The word for this month is RES JUDICATA. According to Black's Law Dictionary, Res Judicata is Latin for "a thing adjudicated" and is an affirmative defense barring the same parties from litigating a second lawsuit on the same claim, or any other clam arising from the same transaction or series of transactions and that could have been - but was not - raised in the first suit. The essential elements of Res Judicata are:
So, for example, say Dick and Jane contract with Bob to build them a house - who held himself out to be a contractor (but was not). Say Bob takes the money, skips town, and does not build the house. Dick and Jane sue Bob for Breach of Contract and get a judgement against Bob. Later, Dick and Jane find out they could have also sued Bob for Fraud and try to re-file another action against Bob. The Fraud action would be an barred under the doctrine of res judicata because Dick and Jane could have brought the action for Fraud against Bob in the first case, but didn't. For further discussion on contracts and res judicata, might I suggest you look at American Jurisprudence, 2d (West).
Another one? Say you are looking to get divorced from your wife. Say, wife just had a kid and you're saying it's not yours. Say judge orders a paternity test. Say the paternity test comes back and says the kid is really not yours and the judge enters a final decision as to the true paternity of the child. Later, ex-wife tries to demand child support for that child. Her claim may be barred under the doctrine of res judicata because the issue of paternity had already been decided by the paternity test/final decree. I say may because some states don't care what a paternity test says - they just want someone to take care of the kid. So, look to the laws of your jurisdiction to find out how the law applies to you. You may also want to take a look at the American Law Reports, 2d (West) and look in the index under res judicata and paternity.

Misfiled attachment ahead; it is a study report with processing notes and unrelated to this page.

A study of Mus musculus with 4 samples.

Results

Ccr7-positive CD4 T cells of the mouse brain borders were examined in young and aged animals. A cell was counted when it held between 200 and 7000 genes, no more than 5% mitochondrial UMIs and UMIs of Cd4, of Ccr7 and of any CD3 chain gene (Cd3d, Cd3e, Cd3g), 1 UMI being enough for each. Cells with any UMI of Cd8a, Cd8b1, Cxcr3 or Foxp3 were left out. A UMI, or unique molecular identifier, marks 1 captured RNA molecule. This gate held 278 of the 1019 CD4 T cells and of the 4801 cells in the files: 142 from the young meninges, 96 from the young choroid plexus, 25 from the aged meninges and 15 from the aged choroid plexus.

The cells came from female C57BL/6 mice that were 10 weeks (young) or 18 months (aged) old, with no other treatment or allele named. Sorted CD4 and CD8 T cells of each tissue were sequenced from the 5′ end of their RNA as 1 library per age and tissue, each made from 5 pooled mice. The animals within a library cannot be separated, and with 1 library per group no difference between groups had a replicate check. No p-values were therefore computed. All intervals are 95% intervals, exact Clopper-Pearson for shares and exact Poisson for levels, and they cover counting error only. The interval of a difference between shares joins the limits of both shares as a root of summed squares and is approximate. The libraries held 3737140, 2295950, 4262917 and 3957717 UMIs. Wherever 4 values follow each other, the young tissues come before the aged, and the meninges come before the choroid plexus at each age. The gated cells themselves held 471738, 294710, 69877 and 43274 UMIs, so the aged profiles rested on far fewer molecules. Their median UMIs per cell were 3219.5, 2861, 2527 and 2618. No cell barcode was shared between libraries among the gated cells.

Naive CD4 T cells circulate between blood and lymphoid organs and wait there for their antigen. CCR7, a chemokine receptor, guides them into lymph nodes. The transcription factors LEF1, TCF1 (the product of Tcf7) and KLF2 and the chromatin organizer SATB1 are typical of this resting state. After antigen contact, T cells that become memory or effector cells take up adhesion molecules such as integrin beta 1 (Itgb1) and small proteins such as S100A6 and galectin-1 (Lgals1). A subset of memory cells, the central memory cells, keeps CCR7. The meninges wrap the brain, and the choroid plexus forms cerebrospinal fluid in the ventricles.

One more? Say Dick (defendant) was sued for negligence by Paul (plaintiff). Say Dick lost and had to pay court costs and fees to the Paul. Say Jane (Dick's wife) later sues Paul the plaintiff to recover costs lost from their community (i.e. the community of the Dick and Jane marriage). Because Jane is married to Dick, Jane's claim may be barred under the doctrine of res judicata because Jane would be a party in privity with Dick. For more information on res judicata in negligence actions, take a look at Proof of Facts 2d (West).
Fact is, there are a whole bunch of resources that deal with res judicata as well as tons more legal concepts that you've probably never even dreamed of - all waiting to be discovered at your local county law library.